Birmingham Jewish Federation Update
August 1, 2013
Recently, there was a screening of a film in Washington, DC. This fascinating
film is entitled "Crises: Behind a Presidential Commitment." The movie
is a documentary featuring an astonishingly intimate record of a key civil rights
confrontation 50 years ago.
captures the 24-hour period when then-Alabama Gov. George Wallace literally and
famously stood in the schoolhouse door in 1963 to block the admittance of two
black students, Vivian Malone and James Hood, to the then all-white University
highlights President John F. Kennedy as he decides to commit the power of his
presidency to back racial equality. It also captures U.S. Attorney General
Robert Kennedy's strategy in dealing with the issue and the confrontation
between Deputy Attorney General Nicholas Katzenbach and Wallace.
audience at the Washington gathering included Vivian's sister, Dr. Sharon Malone,
who helped put the event together, and Sharon's husband, U.S. Attorney General
Eric Holder. The evening also featured a panel discussion that was particularly
meaningful for me.
Three of the
speakers were Kathleen Kennedy Townsend, oldest child of Robert Kennedy, and
Helen Shores Lee and Barbara Shores, daughters of Arthur Shores, a leading civil
rights attorney in Birmingham who was advisor to Malone and Hood and whose home
was bombed a number of times. The fourth panelist was my father, Don Siegal, a
member of Birmingham's Jewish community.
My dad was born
in Tuscaloosa in 1941, and from 1960-67 was at the University of Alabama for
undergraduate and law school. He was involved in the Student Government
Association (SGA) when integration occurred and served as SGA president from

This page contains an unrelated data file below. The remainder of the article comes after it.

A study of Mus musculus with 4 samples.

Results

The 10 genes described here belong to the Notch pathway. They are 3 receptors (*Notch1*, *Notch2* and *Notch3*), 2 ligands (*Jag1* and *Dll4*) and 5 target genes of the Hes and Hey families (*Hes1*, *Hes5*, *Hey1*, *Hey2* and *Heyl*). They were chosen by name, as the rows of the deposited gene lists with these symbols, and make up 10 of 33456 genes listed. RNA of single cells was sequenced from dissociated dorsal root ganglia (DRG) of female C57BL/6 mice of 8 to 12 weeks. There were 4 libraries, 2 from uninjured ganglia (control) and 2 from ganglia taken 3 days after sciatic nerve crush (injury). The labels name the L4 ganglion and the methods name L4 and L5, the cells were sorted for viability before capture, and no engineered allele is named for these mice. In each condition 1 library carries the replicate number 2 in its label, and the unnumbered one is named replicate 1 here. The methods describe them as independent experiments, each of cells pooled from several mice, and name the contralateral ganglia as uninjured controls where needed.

One story that
my dad shared in Washington recounted his picking up a young African-American
waiter who needed a ride because his car had broken down. Later that day, my dad's
father confronted him and said that he had been told by someone who came into
his auto parts store that "your son better not be giving any more rides to
blacks if he knows what's good for him and if you don't want your store blown
In response to a
question from the audience about why he thought students at the University of
Alabama allowed integration to occur without violence, my father gave two
responses. First, he said, there was a belief among students that if it could
be done without violence it would enhance the reputation of the university
The other answer
provided a glimmer of hope. Many on campus knew that my dad had been a
proponent for integration since he and some other student leaders had spent
several months going to campus dormitories, fraternities and sororities to
discuss the issue. So, when he ran against the powerful "Machine" (a
confederation of student organizations which had previously had a monopoly on
the Student Government presidency) and won, he felt that it was partially a
show of support for integration.
It was clear that
everyone at this Washington event had deep respect for the two African-American
students whose willingness to put their security, dignity and very lives in
jeopardy changed the course of history. And, there also was recognition that we
have come a long way in the past 50 years.
still exists today and must be confronted. The moderator of the panel, Michelle
Norris from National Public Radio, offered a metaphor on how to learn from
history. She said that we must look in the "rear view mirror" at
history to understand where we are going.
particular time, it has never been more important to remember and appreciate
our history, both good and bad, and to draw strength from our collective saga
to make us an even better country in the future.
year is celebrating the 50th anniversary of 1963 -- a pivotal year in the Civil
Rights movement and in Birmingham's history. Perhaps, when we look back and
understand the sacrifices made and those who were willing to speak up in
different ways, we can be inspired to confront the very difficult issues that
still face us as Americans.
director of AJC’s Miami and Broward County Region, grew up in Birmingham.